The Pointblank Directive
Three Generals and the Untold Story of the Daring Plan that Saved D-Day
“In truth, the airmen didn’t do nearly as well as they had hoped to. . . . As many as half of all the German fighter pilots who attempted to attack the invasion beaches got through—a puzzling outcome considering the overwhelming advantage the Allies had with thousands of airplanes acting as top cover.”
Even today it is not certain what the “D” in D-Day stands for but it has always been certain that this first crossing of the English Channel by an invading force since 1688 decisively hastened the end of WWII. That June day in 1944, 5000 vessels landed 156,000 Allied troops on French shores and, supported by 11,000 aircraft, wrested control of the Normandy coast from the Germans. The use of airpower, Operation Pointblank, was then and for a long time after seen as the decisive factor.
You’ve seen the movies but they never showed you this. Picture yourself going down the road at speed. The car in front is a mere 20 feet away. So is the one behind. And the ones to your side. Now picture doing this in the air, in a 74-ft long and 103-ft wide B-17 bomber. As many as two thousand aircraft surround you, also above and below, stretched out over one hundred miles. If an aircraft near you has an accident, it might take you down with it. If someone jumps out they just might hit your ship. This is what it looks like in a “combat box” or “staggered formation” and this book manages to paint in words a more intense picture than any movie—but it takes 25 pages to do it. Depending on the sort of reader you are, this is the book’s strength and its weakness: words needed to establish atmosphere compete for space with words that convey fact.
Assuming you’ve ever watched a documentary on the Military Channel you know the flavor. Realizing that author Keeney is a cofounder of that channel, and a presenter on several similar ones, means it is inevitable that his book leans in that direction. The general-interest reader will find it an engaging, multi-faceted, well-told story whereas the academically inclined will get hung up on the generalizations. Even the latter, however, must concede that Keeney’s big-picture analysis of this campaign allows for one key factor to emerge in a manner that reflects post-2010 scholarship: it was not the air war alone that swung the pendulum but the joint effort of air and ground forces. This may seem obvious—although not everything that is obvious is actually reconcilable with fact—but has been debated for decades in the context of national security policy-making and the formulation of military strategy.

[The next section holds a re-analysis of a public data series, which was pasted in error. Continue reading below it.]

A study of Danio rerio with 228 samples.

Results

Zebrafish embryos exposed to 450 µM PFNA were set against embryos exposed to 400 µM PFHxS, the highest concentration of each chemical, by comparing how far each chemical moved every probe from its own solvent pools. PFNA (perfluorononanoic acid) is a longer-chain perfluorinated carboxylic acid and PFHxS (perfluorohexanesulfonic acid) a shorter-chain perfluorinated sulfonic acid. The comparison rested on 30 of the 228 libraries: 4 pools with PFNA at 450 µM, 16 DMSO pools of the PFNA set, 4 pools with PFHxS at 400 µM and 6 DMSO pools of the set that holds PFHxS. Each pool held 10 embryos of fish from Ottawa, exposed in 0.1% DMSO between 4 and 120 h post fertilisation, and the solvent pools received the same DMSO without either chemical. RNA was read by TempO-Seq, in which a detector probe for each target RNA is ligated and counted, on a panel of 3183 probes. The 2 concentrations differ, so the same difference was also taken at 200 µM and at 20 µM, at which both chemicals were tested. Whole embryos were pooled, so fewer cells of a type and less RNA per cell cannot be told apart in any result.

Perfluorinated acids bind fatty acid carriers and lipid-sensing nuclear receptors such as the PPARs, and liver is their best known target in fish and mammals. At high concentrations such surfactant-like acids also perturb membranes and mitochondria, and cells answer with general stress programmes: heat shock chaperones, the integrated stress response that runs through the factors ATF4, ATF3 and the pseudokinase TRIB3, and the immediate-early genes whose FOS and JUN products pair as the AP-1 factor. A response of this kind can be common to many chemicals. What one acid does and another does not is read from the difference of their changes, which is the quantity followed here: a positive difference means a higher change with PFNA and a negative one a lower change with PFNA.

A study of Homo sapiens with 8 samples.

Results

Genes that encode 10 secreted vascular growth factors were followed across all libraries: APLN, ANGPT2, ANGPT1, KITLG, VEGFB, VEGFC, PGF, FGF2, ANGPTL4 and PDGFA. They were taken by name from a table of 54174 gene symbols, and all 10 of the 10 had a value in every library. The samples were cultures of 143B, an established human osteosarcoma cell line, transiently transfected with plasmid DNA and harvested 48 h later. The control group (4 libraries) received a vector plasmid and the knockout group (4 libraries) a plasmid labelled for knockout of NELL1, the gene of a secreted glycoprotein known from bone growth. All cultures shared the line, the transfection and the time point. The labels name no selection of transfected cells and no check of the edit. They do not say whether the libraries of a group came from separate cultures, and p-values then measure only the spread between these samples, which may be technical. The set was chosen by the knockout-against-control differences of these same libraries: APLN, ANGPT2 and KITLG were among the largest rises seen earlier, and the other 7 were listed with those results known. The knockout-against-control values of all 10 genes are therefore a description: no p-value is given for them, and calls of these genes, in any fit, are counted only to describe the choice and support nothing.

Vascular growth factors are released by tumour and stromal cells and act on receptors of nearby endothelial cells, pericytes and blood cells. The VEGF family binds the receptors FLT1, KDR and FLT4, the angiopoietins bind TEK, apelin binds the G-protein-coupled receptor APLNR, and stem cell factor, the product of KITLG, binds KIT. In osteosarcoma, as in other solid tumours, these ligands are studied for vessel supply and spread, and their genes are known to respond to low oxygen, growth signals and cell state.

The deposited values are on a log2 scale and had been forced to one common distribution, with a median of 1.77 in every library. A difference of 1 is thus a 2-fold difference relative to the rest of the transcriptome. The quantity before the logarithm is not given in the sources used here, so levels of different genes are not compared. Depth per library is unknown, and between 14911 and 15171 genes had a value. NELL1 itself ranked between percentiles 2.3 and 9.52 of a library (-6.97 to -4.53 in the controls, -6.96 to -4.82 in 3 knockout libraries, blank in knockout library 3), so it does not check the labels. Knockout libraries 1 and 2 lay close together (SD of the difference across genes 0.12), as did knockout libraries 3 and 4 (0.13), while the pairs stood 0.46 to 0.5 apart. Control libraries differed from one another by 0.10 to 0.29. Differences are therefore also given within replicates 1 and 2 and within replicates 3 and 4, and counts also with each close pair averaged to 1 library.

As an economist by training who went into advertising at big-name firms and has occupied himself with military non-fiction as a researcher and writer for years, Keeney is well equipped to put together a compelling story without neglecting proper research.
On the surface, the February 1943 Casablanca directive to conduct a Combined Bomber Offensive (CBO) to destroy the German military, industry and, not least, morale is straightforward enough. But reams of paper have been expended, and still are, on coming to terms with its execution and the catastrophic consequences of carpet bombing for the civilian population (think Vietnam, Gulf War). Its primary portion, the June 1943 Pointblank directive, laid out the bombing of specific targets such as aircraft factories to cripple German fighter production, forcing the Luftwaffe to defend these targets and thus abandon other fronts.
What makes Keeney’s book different from others is his assessment of Operation Pointblank in the context of the overall Allied effort both before and after D-Day and, specifically, the role of three U.S. Air Force Generals—Arnold, Spaatz, Doolittle—in turning an air campaign that was failing in November 1943 into the sharp end of the spear that only a few months later made D-Day possible and, by establishing quick and lasting air superiority, a success. This was as much an issue of leadership and vision as hardware.
A 16-page section of b/w images is bound into the center of the book. Appended are a Select Bibliography (includes several very recent materials) and Chapter Notes (listing sources); substantive Index.
Many dots are connected here and in useful ways but the book is—and cannot be expected to be more than—a sketch. If nothing else, it will draw attention to complexities not heretofore appreciated by any but the historian of command and strategy, and, by using personal examples, does it in a way that gets under the skin.
Copyright 2013, Sabu Advani (speedreaders.info).